Signs of a Norfolk Summer - One man’s project to catalogue the county’s biggest outdoor art gallery
They are a beautiful and intriguing part of virtually every community across Norfolk.
And this year 43-year-old Andrew Tullett has set out to photograph and research every village and town sign in Nelson’s County as part of a project called Signs of a Norfolk Summer.
Mr Tullett, who lives in Lakenham, said he had almost finished cataloguing the county’s 500-plus signs, and he hoped to turn the results into a series of books.
He said: “Our village signs represent the largest free art exhibition in Norfolk and collectively the signs depict the history of almost all the settlements in the county.
“These are very local histories and many of the stories depicted are not described in any of the main historical texts written about Norfolk.
“Nobody knows for sure how many there are, I estimate around 520. The only thing that everyone agrees on is that Norfolk has far more village signs than any other county.”
Mr Tullett has travelled more than 2,700 miles by car and bicycle in search of the signs.
He said he had often been delighted by at the stories behind them, and had learned much about the signs by reaching out to the communities they represent on social media.
He said: “I’ve often had people tell me facts about the signs I didn’t know, or things like ‘my dad made that’, which is really nice.
“But I think it is a real shame that most do not come with an explanation of what they show.
“Village signs are expensive to produce and usually take a community a long time to organise. The signs usually look fantastic but visitors could appreciate them even more if it was immediately apparent what they were representing.”
Mr Tullett, who spent some years living in Attleborough and attended Wymondham College as a day student, said the project was inspired by his father, Stephen Tullett, who photographed many of Norfolk’s village and town signs in the 1990s.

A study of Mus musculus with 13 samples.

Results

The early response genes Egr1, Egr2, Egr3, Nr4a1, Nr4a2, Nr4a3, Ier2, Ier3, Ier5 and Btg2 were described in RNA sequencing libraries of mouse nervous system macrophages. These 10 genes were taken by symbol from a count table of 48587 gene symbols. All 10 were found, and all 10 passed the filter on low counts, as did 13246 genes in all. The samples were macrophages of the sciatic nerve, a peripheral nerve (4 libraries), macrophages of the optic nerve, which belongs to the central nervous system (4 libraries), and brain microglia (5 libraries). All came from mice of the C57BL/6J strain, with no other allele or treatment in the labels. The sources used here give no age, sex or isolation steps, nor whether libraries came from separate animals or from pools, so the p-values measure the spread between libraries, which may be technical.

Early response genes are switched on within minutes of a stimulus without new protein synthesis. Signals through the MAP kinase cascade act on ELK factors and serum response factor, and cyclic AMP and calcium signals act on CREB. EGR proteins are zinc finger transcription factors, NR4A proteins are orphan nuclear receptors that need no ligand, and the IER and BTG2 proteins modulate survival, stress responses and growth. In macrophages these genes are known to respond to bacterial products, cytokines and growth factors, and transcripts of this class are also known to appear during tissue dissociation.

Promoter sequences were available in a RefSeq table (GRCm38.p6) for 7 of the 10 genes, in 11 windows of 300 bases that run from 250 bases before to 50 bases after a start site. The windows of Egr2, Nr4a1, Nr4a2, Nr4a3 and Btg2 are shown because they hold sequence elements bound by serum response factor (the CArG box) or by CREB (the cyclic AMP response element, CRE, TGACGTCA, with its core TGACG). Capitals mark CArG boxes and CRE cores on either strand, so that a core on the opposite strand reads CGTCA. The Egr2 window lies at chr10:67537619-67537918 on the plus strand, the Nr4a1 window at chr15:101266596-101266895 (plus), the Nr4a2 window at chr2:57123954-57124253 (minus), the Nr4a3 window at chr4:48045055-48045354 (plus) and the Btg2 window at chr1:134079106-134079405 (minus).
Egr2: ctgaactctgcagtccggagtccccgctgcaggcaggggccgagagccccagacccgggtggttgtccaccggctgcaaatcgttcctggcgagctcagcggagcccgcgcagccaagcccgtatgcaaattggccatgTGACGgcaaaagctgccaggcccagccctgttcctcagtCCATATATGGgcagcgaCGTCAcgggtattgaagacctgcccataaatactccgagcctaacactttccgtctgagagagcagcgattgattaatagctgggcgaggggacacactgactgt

He said: “It has been wonderful to look back through his photos. I don’t know why he started - I thought it was odd at the time.
“My own children seem to have the same opinion of me now.”
The ruined church of St. Felix in Babingley is said to have been the first Christian church in East Anglia.
The church does not feature on the village sign but a story about the man who established it is.
Saint Felix is said to have made the journey from Burgundy to Babingley around the year 631. He arrived at the Wash and continued to sail up the River Babingley, which at that time was still navigable.
Saint Felix can be seen in the central portion of the sign with his boat on the water behind him.
A legend states that his ship got into difficulties and was only saved from being wrecked by beavers who helped to guide the vessel. In gratitude Saint Felix ordained one of the beavers.
We see him dressed in his bishop’s garb on the top of the sign holding a crosier over two other beavers.
Beavers used to be common across the country, but the last one in the wild was shot in Scotland in 1526.
Old Buckenham’s sign
Among many other symbolic images on the sign, the figure of a cricketer appears, framed in one of the arched windows.
The connection between cricket and Old Buckenham culminated in 1921 when Australia played there, but how did this connection come about?
In 1906 Lionel Robinson, an Australian who had made his fortune as a stockbroker and financier, purchased Old Buckenham Hall.
Robinson set about making extensive changes to the hall, building stables for his race horses and constructing a world class cricket ground. The turf for the cricket ground was especially imported from Australia so that the cricket square would be as fast those in Australia.
In 1919 the first international cricket match in England after the First World War was played at the ground and in 1921 the Australian test team played at Old Buckenham for a three-day game against an almost full-strength England side.
Erected in 1961, the sign emphasises the ancient origins of the town – the two main figures represent the Saxon era.
A plaque on the supporting post reads: “Loddon town sign. Alfric called Modercope was the original Saxon Lord of Loddon and gave the Lordship to the Abbey of St. Edmund of Bury in the reign of Edward the Confessor 1042-1066.
Alfric’s will contains the earliest written reference to the village. Dating from 1042-43 it stipulates that the 450 acres of land he owned in Loddon (consisting of woodland, open land and fen) should pass to St Edmund’s, “with as full rights as ever I owned it.”
The church referred to on the plaque is Holy Trinity Church which was almost entirely rebuilt in the 1480s under the patronage of Sir James Hobart. St Mary’s Chapel, which was founded some time before 1289, once stood in what is now the churchyard to Holy Trinity Church.
To learn more about the project, visit the Signs of a Norfolk Summer page on Facebook.